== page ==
So, what do you think? Too much? Just right?
- “Upland Dance” was written after the Ifugao Music and Dance Ensemble of Banaue San Francisco performance, September 2007. The words ima, pagay, billít, and angin are Ilocano words meaning “hand,” “rice plant,” “bird,” and “wind.” Kastoy means “like this.”
- “Duyong 1” uses “salvaged” in the term’s Philippine context. Poet and journalist Jose F. Lacaba writes, “As used in the Philippines, the verb ‘salvage’ and the noun ‘salvaging’ are the slang equivalents of the terms ‘to execute extrajudicially, to assassinate’ and ‘extrajudicial execution,’ terms used by human-rights organizations such as Amnesty International.”
- [Edits.] “Call It Talisman (If You Must)” was written after the Tatak ng Apat na Alon Tribe, and anthropologist Ikin Salvador’s “Signs on Skin: Beauty and Being: Traditional Tattoos and Tooth Blackening among the Philippine Cordillera” exhibit and talk at Pusod in Berkeley, October 2004. In one photograph, a group of newly tattooed, young Ilubo warriors posed in traditional headdresses and loincloths for a portrait in 1949. Their rite of passage (for which they were inked) was the killing of invading Japanese soldiers. The Ilubo were traditionally headhunters. [Addendum: I found my old blog post about this 10/2004 event.]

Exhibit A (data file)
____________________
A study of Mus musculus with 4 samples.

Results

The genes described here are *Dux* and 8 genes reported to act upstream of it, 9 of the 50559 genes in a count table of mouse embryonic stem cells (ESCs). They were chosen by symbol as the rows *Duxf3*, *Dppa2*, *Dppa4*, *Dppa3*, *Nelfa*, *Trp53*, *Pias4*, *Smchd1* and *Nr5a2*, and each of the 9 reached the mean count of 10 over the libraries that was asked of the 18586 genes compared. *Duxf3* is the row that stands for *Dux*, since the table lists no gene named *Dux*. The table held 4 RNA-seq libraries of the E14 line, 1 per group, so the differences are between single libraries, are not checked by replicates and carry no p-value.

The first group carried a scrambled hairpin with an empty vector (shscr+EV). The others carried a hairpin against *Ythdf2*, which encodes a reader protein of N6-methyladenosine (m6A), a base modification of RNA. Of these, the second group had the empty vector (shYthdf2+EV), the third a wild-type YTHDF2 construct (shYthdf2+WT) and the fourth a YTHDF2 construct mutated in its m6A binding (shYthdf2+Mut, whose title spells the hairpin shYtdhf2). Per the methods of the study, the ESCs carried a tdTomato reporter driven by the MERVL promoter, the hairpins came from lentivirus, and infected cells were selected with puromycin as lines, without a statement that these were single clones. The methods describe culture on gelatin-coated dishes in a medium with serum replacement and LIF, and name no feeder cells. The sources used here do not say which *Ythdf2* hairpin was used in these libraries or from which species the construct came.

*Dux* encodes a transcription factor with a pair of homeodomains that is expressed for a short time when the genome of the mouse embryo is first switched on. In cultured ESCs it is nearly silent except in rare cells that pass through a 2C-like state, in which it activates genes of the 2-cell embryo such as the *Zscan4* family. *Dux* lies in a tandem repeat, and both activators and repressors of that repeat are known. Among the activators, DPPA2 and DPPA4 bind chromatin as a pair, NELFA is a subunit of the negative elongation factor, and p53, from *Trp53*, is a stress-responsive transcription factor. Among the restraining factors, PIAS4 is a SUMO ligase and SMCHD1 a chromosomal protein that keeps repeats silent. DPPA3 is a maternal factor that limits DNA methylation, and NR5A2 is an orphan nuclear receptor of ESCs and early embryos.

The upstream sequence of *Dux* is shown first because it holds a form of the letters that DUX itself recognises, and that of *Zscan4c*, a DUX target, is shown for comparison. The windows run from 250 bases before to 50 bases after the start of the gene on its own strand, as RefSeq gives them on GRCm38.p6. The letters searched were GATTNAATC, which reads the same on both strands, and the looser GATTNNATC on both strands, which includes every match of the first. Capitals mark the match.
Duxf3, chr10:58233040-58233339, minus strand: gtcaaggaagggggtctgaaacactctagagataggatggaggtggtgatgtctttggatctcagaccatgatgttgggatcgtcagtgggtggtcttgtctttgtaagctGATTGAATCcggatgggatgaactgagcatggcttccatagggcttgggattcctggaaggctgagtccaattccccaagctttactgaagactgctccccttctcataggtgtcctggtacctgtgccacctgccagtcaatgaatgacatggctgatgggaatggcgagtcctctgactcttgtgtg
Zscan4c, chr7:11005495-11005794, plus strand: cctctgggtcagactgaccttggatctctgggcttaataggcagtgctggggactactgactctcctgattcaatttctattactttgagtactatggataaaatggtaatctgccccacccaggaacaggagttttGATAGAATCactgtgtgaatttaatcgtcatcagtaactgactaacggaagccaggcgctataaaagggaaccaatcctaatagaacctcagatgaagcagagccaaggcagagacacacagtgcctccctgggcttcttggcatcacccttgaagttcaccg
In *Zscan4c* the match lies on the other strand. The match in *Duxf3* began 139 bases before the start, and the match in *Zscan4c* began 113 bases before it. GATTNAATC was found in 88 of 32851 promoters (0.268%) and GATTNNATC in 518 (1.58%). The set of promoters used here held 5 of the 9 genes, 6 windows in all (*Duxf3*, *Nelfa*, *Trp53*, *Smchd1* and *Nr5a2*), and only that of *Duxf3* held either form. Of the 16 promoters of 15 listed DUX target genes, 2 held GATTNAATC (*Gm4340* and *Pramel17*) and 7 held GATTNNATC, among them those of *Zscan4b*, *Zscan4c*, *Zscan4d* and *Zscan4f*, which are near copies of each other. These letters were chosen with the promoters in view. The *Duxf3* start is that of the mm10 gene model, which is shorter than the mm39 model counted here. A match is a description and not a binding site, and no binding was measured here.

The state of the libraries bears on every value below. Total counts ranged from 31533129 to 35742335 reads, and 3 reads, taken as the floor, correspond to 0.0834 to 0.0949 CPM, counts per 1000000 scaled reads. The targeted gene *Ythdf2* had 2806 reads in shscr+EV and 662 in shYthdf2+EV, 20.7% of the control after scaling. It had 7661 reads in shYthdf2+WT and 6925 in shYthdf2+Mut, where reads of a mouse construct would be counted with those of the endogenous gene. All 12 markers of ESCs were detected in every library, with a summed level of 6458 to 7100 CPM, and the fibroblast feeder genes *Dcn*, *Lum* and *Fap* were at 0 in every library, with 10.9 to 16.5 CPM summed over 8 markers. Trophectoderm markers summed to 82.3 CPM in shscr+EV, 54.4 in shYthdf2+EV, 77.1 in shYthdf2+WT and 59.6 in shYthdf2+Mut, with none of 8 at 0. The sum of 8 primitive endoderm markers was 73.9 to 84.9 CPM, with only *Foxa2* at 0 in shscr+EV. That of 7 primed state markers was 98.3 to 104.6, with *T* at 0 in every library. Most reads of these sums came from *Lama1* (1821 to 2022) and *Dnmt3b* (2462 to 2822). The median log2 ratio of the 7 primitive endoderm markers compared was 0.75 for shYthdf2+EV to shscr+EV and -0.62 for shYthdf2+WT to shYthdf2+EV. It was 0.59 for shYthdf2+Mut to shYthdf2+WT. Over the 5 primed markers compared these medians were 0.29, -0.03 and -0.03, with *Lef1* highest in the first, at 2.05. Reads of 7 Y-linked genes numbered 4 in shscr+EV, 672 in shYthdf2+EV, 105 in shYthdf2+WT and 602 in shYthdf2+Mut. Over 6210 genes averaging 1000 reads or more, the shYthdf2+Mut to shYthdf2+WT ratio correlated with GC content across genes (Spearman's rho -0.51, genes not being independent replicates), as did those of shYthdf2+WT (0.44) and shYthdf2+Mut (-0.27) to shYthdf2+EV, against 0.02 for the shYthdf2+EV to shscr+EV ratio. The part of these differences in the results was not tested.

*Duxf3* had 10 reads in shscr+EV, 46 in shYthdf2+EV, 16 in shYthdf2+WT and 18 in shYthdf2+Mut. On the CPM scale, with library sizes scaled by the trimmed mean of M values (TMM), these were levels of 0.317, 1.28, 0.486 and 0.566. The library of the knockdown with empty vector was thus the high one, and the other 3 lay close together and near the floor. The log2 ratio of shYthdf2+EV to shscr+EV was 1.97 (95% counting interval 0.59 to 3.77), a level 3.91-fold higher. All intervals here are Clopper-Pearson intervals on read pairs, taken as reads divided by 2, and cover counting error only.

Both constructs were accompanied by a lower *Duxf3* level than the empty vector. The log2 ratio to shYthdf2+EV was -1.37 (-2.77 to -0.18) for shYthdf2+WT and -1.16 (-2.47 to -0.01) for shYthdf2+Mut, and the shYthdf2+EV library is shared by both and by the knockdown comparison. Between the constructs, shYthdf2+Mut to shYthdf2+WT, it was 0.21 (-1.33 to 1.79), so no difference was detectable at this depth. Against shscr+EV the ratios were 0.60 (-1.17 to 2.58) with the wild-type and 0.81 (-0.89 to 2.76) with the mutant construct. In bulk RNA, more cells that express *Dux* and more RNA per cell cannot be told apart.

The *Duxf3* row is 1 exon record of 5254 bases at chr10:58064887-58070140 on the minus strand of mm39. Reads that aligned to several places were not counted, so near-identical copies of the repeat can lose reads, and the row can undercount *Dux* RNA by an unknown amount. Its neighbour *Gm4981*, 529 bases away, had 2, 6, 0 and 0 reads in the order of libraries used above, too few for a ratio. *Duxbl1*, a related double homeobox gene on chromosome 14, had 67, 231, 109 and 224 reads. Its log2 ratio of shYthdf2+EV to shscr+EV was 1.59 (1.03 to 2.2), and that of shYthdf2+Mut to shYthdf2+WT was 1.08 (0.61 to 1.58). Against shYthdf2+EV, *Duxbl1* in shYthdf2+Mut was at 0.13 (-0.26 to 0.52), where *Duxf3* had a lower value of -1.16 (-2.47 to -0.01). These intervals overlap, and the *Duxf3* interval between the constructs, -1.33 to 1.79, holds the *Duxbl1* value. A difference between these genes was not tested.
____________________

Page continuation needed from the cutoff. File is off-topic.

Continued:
- “Aswang” was written after Rachelle Cruz’s currently unpublished poetry collection, Ascela at the World’s Greatest Fair, and Vince Gotera’s “Aswang.” Anthropologist Alicia Magos has written that in an effort to spread Catholicism in the Philippines, the early Spanish Catholic clerics maligned the “pagan and demonic” indigenous women priests by calling them Aswang, a god of evil. “It was a perfect religious-military tool for conquering other cultures. Through time, the term aswang was invented and its description became more morbid and cruel as generations passed these fabricated stories.” The aswang is now known as a mythical creature that uses her long, thin tongue to suck babies out of their mothers’ wombs.